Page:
Lake Naivasha - Kenya’s Best Kept Secret

Written by  Cindy Ross

There is a cadence in a giraffe’s walk that makes it appear as though they are keeping time to music in their heads. They nod and lope along to a slow rhythmic beat and gently bob their long graceful necks. I think they might be the most beautiful of all the animals in Kenya. On Crescent Island in Lake Naivasha they are the stars of the show because they allow you to get very close and observe them. Walking here, unencumbered by the confines of a safari jeep, it feels as if you are on a film set for Out of Africa. Indeed, these very creatures could be the offspring of the African animals that starred in that 1985 classic movie; it was filmed right here on this 8 acre island.

Crescent Island is not really an island, it is connected by a skinny peninsula to the mainland. It was an island before the waters receded. No predators were ever brought to this historic movie set. Because of this, the giraffes, water buffalo, gazelles, waterbucks, impalas, wildebeests, monkeys and zebras, imported from nearby Maasai Mara, lived in perfect Dr. Doolittle-like harmony. Now, hyenas make nightly visits and keep the population culled and healthy.
Our adventure to Crescent Island began on the boat dock of the Enashipai Resort & Spa ( Less than a four hour drive from the capital Nairobi, Lake Naivasha is often overlooked by folks traveling to the more popular Lake Nakuru National Park, but they are missing a lot.
We quietly motor along the still swampy shoreline through water papyrus and hyacinths that look like tiny islands, making artistic reflections on the surface in the shape of snowflakes. Coots dive before our bow, cormorants dry out their massive wings on dead branches, marabou storks sit in large groups like tree ornaments, fish eagles scream their haunting, otherworldly call, and the best part -- the hippos. They rise and sink in the water, inhaling and exhaling breath, occasionally opening their pink fleshy mouths with a sleepy yawn. There are thought to be 2,000 here in the 138 square kilometer lake that sits at the highest elevation of the Rift Valley (6,181 feet). Lake Naivasha boasts over 400 species of birds and a boat ride is a great start to this exploration.
Crescent Island forms the rim of an extinct volcano. Nearby is Hell’s Gate National Park and its geo thermal activity is proof that the area is still active. The 3 square mile island is a private sanctuary, owned by a British/Kenyan family and open to visitors with a guide and a ticket, usually obtained at the handful of surrounding lodges.
A baby giraffe bounces and jumps in the bush, greeting us as we land. It is not uncommon to see three generations of giraffes all together in this idyllic spot. There are more animals here on Crescent Island than in any Kenyan park. From the top of the hill in the center of the island, you have a 360-degree view of nearby Mount Longonot, which created this fabulous spot, to the distant peaks of the Aberdares and the Mau Escarpment, home to Hell’s Gate National Park. Hell’s Gate is the only Kenyan National Park that allows visitors to leave their vehicle and walk, cycle or horseback ride amongst the game. A visit to this fascinating 68 kilometer park is next on our agenda while staying at Enashipai Resort & Spa.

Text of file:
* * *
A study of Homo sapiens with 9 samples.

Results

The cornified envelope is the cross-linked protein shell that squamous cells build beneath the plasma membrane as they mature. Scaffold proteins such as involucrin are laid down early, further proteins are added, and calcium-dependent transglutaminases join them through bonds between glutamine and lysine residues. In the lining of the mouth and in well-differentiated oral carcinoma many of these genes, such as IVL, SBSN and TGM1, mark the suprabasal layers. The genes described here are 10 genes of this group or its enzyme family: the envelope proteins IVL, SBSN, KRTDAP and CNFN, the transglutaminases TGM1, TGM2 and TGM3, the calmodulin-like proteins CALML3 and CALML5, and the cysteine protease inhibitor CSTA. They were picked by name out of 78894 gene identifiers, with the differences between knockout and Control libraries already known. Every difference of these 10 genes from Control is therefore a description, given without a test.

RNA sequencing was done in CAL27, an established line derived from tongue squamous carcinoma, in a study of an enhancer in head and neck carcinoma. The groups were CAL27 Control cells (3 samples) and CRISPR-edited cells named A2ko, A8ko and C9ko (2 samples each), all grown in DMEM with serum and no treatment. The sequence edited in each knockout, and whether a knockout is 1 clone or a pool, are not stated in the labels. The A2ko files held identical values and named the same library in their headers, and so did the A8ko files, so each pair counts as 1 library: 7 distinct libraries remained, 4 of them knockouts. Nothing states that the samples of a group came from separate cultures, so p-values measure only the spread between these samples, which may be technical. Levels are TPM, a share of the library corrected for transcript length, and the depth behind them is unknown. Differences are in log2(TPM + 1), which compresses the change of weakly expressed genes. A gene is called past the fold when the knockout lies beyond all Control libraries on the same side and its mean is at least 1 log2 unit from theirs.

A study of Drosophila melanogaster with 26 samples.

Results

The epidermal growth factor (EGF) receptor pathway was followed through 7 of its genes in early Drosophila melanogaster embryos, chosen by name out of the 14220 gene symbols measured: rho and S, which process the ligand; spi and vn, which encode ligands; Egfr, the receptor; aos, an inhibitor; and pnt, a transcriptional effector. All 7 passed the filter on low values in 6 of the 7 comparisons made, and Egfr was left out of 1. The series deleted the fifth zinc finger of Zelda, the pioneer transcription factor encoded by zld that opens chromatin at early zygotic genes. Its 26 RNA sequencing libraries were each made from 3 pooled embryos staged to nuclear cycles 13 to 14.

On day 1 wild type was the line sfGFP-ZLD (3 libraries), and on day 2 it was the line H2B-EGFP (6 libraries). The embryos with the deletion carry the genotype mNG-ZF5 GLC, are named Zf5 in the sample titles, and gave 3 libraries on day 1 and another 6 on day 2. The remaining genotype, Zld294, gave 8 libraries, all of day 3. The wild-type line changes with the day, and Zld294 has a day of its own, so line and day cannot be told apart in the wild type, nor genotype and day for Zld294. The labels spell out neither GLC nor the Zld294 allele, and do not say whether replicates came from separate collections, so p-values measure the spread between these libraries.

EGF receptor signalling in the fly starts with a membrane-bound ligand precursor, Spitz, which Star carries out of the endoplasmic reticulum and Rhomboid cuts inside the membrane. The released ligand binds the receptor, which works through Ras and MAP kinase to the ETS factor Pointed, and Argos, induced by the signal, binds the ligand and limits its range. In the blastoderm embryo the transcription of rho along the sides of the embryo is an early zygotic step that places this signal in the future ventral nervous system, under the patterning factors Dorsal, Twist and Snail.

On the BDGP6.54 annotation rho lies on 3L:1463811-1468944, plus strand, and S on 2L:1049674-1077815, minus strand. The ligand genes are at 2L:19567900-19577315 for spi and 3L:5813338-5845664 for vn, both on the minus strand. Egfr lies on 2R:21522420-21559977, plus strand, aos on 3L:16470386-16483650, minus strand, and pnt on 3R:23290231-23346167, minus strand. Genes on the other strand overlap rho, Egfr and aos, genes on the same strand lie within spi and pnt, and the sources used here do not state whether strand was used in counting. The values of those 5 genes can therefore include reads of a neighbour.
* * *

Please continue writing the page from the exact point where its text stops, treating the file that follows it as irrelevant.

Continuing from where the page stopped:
At Hell’s Gate National Park, we hop on mountain bikes and ride 8 kilometers past Fisher Tower, a jutting volcanic plug that dominates the landscape and can be climbed, even by those with no prior rock climbing experience. A massive cliff in the distance is sheathed in dazzling white, which looks like snow, but is actually bird droppings. Hell’s Gate is home to thousands of swifts, and is a breeding ground for Verreaux’s eagles, an endemic bird, as well as Augur buzzards.
After cycling past herds of zebras and gazelles, and stopping to view them from the quiet and freedom of a bike, we arrive at the ranger’s station and get ready for a hike in the dramatic Lower Gorge. Narrow slickrock sandstone canyons and hot water springs are the highlights of this quiet walk. What better way to relax after a day of outdoor adventuring than to head to the brand new Oljkaria Geothermal Spa, only minutes from the park gate.
The pool is owned by the Kenyan Electrical Generating Company and began as a research project to demonstrate the direct use of brine. The naturally occurring saline solution is channeled off and shared with visitors who enjoy a relaxing soak in warm water. Multiple pools and terraced steps lead you into the soft therapeutic water, making this the perfect way to top off an adventure at one of the best-kept secrets of wild Kenya.